The phrase ‘bury the hatchet’ is a common saying in the English language that can be used to mean that someone has put away all forms of conflict, or that someone has attempted to resolve an old dispute in an amicable way. This post unpacks the meaning, origin and use of this most common saying.
The phrase ‘bury the hatchet’ is a common figurative saying in the English language that can be used to mean that someone intends to solve a conflict or dispute peacefully.
The phrase can be used as a direct reference in conversation with someone, or as a reference to a third-party whom is being spoken about.
Someone can say the phrase ‘bury the hatchet’ in the denial form, to imply that peaceful conflict or dispute resolution is not going to happen, or is not likely to take place: ‘never burying the hatchet’ or ‘never bury the hatchet’.
There are several ways to adapt the saying for the applicable tense, including to say that someone will ‘bury the hatchet’, is going to ‘bury the hatchet’, or has ‘buried the hatchet’ in the past tense.
Implied by the word ‘hatchet’ is the issue or the conflict that is being discussed, which is usually specified by the context of what has already been said.
“After my parents got divorced, they could just never seem to bury the hatchet. They were always fighting, and then my mother got a shotgun and the rest is history.”
“If you’re going to bury the hatchet, don’t you think you should give your neighbor’s lawnmower back to him first? You stole his lawnmower, and then he stole your wife.”
“If you don’t bury the hatchet with your son, you’re going to have nobody who cares about you when you get older.”
“The companies buried the hatchet and decided that they would rather collaborate on the charity project than try to sink each other.”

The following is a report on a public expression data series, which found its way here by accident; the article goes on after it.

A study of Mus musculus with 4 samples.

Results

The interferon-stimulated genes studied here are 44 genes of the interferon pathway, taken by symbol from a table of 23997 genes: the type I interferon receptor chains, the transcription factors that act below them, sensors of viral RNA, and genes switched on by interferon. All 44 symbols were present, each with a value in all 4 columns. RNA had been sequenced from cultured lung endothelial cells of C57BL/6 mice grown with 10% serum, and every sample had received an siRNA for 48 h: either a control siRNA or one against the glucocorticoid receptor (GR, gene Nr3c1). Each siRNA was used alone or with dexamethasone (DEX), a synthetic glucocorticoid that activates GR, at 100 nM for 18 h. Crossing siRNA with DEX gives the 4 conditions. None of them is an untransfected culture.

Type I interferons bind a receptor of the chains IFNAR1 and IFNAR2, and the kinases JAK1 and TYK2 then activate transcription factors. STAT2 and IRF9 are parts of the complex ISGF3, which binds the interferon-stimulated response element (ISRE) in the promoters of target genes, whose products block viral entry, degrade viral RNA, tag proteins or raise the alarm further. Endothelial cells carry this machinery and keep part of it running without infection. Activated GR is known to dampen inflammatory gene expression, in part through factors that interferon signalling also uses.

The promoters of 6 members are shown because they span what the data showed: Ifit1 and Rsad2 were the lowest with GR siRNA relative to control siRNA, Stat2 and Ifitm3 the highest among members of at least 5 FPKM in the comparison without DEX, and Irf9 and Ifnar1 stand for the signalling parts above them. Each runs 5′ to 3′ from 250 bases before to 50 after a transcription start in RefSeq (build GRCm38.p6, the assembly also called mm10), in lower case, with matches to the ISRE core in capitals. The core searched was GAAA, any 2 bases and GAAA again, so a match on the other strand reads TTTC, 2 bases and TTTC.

The phrase ‘to bury the hatchet’ is common in the English language, though the phrase is agreed by most online language resources to originate from a phrase that was translated into English from the Iroquois language.
The saying ‘burying the hatchet’ refers to the ancient, ceremonial practice of burying weapons of war in the ground as a symbol of a truce or peace.
When conflicts were talked out rather than subjected to war, it could have been said that they ‘buried the hatchet’ rather than fought.
According to some online language resources, the phrase was first used in English somewhere around the late 1600s, and the phrase would achieve a considerable amount of publicity throughout modern times with its meaning largely unchanged since the beginning.
When the phrase is used today, the old practice of literally burying war weapons is seldom thought of.
Phrases Similar to Bury the Hatchet
Phrases Opposite to Bury the Hatchet
What is the Correct Saying?
Ways People May Say Bury the Hatchet Incorrectly
There are several ways in which someone can use the phrase ‘bury the hatchet’ in the wrong way or misunderstand the meaning of the saying.
‘Bury the hatchet’ is a phrase that can be used to say that someone wants to resolve a conflict, though the phrase is almost never said as ‘hatchets’.
The phrase was translated into English, and care must be used when the phrase is said as a direct translation in any other languages that do not have a point of reference for the phrase.
Acceptable Ways to Phrase Bury the Hatchet
The correct way to use the phrase ‘bury the hatchet’ is to imply that someone would like to find peaceful resolution to a problem or conflict.
There are several ways to use the phrase, including to say that someone ‘has buried the hatchet’ in the past tense or is ‘going to bury the hatchet’ for the future tense.
Someone can also use the phrase in the denial sense to say that someone ‘has not buried the hatchet’.